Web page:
Pregnancy and Sickle Cell Anemia

I have sickle cell anemia but my partner does not. We are considering having a child and would like to know the risks of conceiving under these circumstances.

For a woman with sickle cell anemia who is interested in having children, it is ideal that she pursues supportive counseling and healthcare before she conceives. She needs both a high-risk obstetrician and a hemotologist. If the pregnancy is a surprise, she should seek medical attention as soon as she suspects she might be pregnant.

Women who are pregnant with sickle cell have more frequent sickle cell crises due to the extra stress of pregnancy. A sickle crisis will occur in about a third of pregnancies. Pregnancy is an intense burden on a woman's body, and this incredible strain can easily exacerbate the sickling of red blood cells. When these cells cluster together, they can build up in various organs throughout the body, leading to intense pain. Furthermore, because blood vessels can become blocked from all the cells, body tissues may be deprived of their oxygen and can die. When this happens, the body's first response is to send blood to be most important organs in the body in order to survive and the uterus isn't one of them, so if a woman is pregnant, her sickle cell anemia can deprive her fetus of oxygen and nutrients.

The pregnancies are at higher risk of spontaneous abortion, premature labor, pseudo-toxemia and cesarean section. The fetuses are more likely to have growth lags, and more trouble with the stresses of labor and delivery. After the birth, all women are more likely to have infections and blood clots, but the risk for sickle cell mothers is even greater.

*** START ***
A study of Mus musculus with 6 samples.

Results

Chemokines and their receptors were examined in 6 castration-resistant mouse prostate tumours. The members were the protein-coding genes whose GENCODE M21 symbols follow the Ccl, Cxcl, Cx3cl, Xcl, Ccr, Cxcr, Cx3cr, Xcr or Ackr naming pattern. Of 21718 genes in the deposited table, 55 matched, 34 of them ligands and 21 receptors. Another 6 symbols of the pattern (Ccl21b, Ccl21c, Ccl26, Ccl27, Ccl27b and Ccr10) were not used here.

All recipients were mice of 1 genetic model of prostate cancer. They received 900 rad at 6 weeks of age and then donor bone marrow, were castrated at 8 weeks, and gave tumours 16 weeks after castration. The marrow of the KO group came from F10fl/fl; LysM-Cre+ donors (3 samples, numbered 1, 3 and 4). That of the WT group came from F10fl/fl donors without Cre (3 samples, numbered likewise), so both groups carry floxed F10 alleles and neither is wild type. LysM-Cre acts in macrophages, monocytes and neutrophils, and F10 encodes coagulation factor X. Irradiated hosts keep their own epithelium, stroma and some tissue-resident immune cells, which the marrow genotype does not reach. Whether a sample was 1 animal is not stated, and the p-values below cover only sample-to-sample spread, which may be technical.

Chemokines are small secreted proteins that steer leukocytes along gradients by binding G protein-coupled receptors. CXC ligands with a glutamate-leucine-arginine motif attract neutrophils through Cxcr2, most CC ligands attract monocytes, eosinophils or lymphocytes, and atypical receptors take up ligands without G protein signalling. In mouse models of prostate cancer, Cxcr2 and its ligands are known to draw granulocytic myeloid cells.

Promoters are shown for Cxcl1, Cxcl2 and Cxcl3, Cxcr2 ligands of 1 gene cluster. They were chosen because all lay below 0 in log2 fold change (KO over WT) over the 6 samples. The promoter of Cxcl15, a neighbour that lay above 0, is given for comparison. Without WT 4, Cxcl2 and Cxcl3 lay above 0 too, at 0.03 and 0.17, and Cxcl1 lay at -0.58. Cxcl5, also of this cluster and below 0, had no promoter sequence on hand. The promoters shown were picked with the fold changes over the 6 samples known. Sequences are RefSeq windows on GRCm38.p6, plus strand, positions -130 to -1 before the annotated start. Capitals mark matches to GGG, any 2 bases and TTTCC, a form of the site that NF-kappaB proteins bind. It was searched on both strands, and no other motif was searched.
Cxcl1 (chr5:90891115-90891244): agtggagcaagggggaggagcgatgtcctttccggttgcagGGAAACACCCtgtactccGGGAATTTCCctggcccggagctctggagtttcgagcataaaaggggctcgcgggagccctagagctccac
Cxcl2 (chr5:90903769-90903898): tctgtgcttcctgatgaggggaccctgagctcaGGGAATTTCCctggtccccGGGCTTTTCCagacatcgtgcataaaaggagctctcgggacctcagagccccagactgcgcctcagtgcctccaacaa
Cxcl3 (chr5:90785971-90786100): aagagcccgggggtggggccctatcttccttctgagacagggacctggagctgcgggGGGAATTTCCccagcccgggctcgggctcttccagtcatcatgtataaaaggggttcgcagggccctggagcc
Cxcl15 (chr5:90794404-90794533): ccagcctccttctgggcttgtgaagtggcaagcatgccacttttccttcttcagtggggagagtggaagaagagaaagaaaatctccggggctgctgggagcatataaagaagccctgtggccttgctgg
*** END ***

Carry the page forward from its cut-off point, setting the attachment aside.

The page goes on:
But don't worry too much. There's lots you and your doctor can do to prevent and correct these problems. Pregnant women with sickle cell are almost always anemic at the first pre-natal visit. Folic acid is given routinely. This is just the same as in non-sickle cell pregnancies, it is simply more important in sickle cell pregnancies. The norm of giving iron supplements to pregnant women should not be followed without lab testing to show that is indicated. Sickle cell patients may be overloaded with iron because of frequent past transfusions. Morning sickness poses extra risks for women with sickle cell. Morning sickness can lead to dehydration and dehydration causes sickle cell crisis. Tests for urinary tract infection will be done at each pre-natal visit, as women with sickle cell are at increased risk for infection.

At the first visit, a pregnant woman with sickle cell should have the following tests: complete blood count, reticulocyte count, hemoglobin electrophoresis (for her partner as well), liver function tests, hepatitis B and C, blood group and antibody typing, rubella antibodies, syphilis test.